Nutrition Articles

The Truth About Green Tea

A Health Powerhouse or Mostly Hype?

Flavonoids are dietary compounds found in tea and other foods such as wine, cocoa, fruits and vegetables. Flavonoids determine the color and taste of food and may be involved in healthy body functions. The average U.S. adult consumes 189.7 milligrams of flavonoids each day, most of which (157 mg to be exact) come from tea. While there is currently no recommendation for flavonoid consumption, experts are in the initial stages of discussion regarding recommendations for these dietary components. Tea contains approximately 100-300 milligrams of flavonoids per serving, depending on the type of tea. The main type of flavonoids found in tea are catechins. Because the green tea variety is less processed, it contains more catechins than black tea does. Therefore green tea and green tea extracts have received the most research regarding possible health benefits and will be the focus of this particular article. Research has primarily investigated the health benefits of catechins such as epigallocatechin gallate (EGCG), epigallocatechin (EGC), epicatechin gallate (ECG), and epicatechin (EC).

Green tea also contains 2% to 4% caffeine or about 10-80 milligrams per cup. (For reference, a cup of regular coffee contains 95 mg of caffeine, while 1 oz. of dark chocolate contains 23 mg.) Caffeine has also been the topic of many research studies regarding the health benefits of green tea.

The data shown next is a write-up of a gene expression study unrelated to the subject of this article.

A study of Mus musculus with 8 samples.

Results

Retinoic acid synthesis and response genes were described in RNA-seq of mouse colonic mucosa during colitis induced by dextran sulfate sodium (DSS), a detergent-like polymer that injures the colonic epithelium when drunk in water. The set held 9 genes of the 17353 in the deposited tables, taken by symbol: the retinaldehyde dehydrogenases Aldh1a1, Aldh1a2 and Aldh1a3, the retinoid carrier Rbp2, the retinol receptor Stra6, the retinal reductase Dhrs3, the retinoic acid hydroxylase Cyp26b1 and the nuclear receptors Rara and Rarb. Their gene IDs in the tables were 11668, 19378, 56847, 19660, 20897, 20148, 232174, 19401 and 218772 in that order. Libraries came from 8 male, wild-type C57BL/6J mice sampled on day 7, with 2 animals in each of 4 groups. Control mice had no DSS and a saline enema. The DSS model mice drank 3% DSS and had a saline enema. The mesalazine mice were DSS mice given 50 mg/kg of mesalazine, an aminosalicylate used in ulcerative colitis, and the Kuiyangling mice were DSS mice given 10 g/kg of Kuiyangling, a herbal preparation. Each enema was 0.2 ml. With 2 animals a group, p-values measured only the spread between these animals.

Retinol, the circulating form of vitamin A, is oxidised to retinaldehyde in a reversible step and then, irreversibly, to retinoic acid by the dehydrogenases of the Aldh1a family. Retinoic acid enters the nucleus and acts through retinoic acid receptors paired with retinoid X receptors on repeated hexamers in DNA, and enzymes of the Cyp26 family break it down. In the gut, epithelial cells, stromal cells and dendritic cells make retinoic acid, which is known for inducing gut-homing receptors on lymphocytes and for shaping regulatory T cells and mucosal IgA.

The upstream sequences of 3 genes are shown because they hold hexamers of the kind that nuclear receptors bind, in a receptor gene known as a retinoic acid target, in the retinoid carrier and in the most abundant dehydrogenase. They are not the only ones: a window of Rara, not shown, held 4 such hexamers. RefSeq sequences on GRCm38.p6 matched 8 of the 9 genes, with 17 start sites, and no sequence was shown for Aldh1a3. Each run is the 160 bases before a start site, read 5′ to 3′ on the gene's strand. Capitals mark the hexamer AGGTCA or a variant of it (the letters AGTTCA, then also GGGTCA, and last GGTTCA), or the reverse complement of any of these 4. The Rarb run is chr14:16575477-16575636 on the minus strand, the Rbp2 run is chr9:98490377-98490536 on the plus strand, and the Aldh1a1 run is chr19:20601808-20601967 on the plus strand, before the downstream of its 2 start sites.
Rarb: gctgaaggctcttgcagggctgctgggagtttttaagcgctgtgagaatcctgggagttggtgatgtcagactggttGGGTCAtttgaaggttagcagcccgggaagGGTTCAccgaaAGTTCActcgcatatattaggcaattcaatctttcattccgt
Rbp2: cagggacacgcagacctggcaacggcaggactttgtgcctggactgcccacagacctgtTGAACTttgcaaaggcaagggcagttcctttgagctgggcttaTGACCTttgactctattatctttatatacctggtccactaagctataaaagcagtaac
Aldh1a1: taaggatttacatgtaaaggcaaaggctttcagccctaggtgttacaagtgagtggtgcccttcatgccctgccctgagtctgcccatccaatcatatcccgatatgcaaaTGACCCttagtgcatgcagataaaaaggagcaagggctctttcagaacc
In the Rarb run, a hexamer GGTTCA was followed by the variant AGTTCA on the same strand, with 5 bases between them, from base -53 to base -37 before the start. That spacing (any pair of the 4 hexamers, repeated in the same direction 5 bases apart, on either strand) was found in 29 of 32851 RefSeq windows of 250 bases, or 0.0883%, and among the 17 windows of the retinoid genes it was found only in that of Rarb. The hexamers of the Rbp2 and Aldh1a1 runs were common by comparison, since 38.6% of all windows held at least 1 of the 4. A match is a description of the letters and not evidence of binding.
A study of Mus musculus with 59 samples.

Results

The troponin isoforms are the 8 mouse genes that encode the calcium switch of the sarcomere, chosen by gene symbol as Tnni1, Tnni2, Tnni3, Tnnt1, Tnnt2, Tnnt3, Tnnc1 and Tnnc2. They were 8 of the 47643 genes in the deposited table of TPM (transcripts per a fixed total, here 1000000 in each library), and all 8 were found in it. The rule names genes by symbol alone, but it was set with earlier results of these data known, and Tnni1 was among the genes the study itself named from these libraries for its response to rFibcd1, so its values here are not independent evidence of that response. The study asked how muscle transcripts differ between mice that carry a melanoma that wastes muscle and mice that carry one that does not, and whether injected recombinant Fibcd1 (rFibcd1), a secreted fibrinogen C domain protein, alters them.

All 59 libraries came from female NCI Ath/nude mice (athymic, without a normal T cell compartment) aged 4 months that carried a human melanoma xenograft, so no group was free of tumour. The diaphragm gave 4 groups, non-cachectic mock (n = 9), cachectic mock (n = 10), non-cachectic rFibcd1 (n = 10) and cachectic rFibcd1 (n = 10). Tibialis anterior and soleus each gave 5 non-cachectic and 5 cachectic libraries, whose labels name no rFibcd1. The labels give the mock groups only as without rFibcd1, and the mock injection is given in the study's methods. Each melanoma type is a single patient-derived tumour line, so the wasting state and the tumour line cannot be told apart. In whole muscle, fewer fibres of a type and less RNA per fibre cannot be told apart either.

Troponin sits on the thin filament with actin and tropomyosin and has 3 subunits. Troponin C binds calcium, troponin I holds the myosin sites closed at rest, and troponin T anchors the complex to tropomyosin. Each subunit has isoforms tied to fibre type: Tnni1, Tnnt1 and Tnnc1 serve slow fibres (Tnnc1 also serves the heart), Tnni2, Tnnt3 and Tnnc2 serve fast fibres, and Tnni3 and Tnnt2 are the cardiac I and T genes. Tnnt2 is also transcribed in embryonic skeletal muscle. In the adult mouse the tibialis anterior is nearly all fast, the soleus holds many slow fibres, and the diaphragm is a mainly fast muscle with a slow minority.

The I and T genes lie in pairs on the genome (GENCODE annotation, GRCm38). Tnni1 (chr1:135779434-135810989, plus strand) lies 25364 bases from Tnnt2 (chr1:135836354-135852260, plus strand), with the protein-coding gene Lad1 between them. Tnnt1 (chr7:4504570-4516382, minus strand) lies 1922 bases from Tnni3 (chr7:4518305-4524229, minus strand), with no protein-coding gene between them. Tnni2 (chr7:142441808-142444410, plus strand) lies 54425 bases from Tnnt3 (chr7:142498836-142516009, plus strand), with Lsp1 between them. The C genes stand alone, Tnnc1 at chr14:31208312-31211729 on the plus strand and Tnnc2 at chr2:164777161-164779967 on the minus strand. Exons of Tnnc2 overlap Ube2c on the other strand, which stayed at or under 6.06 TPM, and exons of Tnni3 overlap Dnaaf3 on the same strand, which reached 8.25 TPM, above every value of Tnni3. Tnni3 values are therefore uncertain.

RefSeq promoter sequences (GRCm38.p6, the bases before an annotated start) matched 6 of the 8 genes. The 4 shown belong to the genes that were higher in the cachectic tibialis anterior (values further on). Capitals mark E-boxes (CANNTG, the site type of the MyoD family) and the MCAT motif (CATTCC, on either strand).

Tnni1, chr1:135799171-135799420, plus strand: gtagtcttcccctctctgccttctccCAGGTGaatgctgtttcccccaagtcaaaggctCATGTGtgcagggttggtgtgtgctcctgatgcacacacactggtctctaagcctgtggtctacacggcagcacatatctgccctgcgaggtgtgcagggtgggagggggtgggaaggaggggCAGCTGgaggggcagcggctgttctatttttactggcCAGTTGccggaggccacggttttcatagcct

Health Benefits of Green Tea: What the Research Really Shows

The research to date indicates that green tea is likely effective for:
  • Improving mental alertness. Because of the caffeine content, green tea and other caffeinated beverages can help maintain alertness and cognitive ability when used throughout the day.
     
  • Treating genital warts. An FDA prescription ointment that uses green tea extract heals genital and perianal warts in 24-60% of patients.
Research to date shows that green tea might be effective for:
  • Improving cholesterol levels. Green tea may help reduce elevated levels of LDL ("bad") cholesterol, total cholesterol, and triglycerides while increasing HDL ("healthy") cholesterol in the blood. However, more clinical studies are needed in this area.
     
  • Preventing low blood pressure upon standing and after eating (in the elderly population). This is likely due to the caffeine content of green tea.
     
  • Reducing the risk or preventing the onset of Parkinson's disease.This is also attributed to the caffeine content.
     
  • Preventing cancers of the bladder, esophagus, ovaries and pancreas. Most of these studies have been conducted on animals, but a few involved testing green tea extracts on people. More research is needed.
Currently, there is not enough evidence to say that green tea has the following health benefits:

Becky Hand Becky Hand
Becky is a registered and licensed dietitian with almost 20 years of experience. A certified health coach through the Cooper Institute with a master's degree in health education, she makes nutrition principles practical, easy-to-apply and fun. See all of Becky's articles.